Now there’s an alternative. “The Pea PoD,” designed by a group of architects at Perkins + Will, carried off the prize for “relocatable classrooms” in an international competition held by the Open Architecture Network.

The brief required a cost-conscious design that could be prefabricated and trucked to and from schools, adaptable to different kinds of sites.

The seven architects, all of whom are part of the firm’s K-12 practice, knew from experience that the required rectangular shape was a built-in problem. The optimal classroom space is square. It offers students similar sight lines and proximity to the front of the classroom and gives teachers more flexibility in configuring desks and tables.

 

Their solution was to build the single-wides with sliding walls so they can be abutted to create a square. The leftover spaces become extra interior space at one end and a porch for a garden at the other.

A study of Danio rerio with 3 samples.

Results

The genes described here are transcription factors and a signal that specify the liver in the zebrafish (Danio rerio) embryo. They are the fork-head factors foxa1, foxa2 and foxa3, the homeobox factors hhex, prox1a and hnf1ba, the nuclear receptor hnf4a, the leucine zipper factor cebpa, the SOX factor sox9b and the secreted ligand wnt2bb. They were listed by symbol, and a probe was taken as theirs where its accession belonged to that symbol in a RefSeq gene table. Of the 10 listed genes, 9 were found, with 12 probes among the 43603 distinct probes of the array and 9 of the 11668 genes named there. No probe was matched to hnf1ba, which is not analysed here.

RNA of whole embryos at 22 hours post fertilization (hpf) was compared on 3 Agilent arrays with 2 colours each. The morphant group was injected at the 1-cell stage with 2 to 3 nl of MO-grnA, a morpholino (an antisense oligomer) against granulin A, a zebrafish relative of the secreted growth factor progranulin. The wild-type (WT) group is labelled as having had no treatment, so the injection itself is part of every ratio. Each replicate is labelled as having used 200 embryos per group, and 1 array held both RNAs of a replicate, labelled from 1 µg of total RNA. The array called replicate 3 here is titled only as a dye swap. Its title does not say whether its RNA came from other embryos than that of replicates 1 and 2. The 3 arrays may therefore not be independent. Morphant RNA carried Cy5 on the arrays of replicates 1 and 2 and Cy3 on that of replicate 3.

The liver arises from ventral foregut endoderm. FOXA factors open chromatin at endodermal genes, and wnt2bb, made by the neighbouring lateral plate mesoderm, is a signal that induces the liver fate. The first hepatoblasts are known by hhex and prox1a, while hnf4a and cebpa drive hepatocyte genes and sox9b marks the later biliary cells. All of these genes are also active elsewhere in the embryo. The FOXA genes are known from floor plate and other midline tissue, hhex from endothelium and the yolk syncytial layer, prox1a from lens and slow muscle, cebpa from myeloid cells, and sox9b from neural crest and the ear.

PeaPoD was designed to meet LEED certification, with sustainable building materials, rainwater-collection system and ample daylighting, which contribute to a healthier learning environment as well as reduced utility costs. 

Allen Post, who shepherded the project, notes that students in the trailers often feel isolated from the rest of the school. The team’s plan includes suggestions for configuring the modules to create courtyards.

Creative details include glass garage doors that can open in good weather and a whiteboard on an outside wall, both a teaching tool and a spot for legal graffiti.

Perkins & Will teamed with the DeKalb County school system on the project. Post says they hope to build a demonstration model for Druid Hills High School, for which the firm has designed an addition under construction.

Open Architecture Network, an online, open-source repository of ideas and plans, is an arm of Architecture for Humanity, a non-profit organization that matches volunteer architects to needy clients all over the world.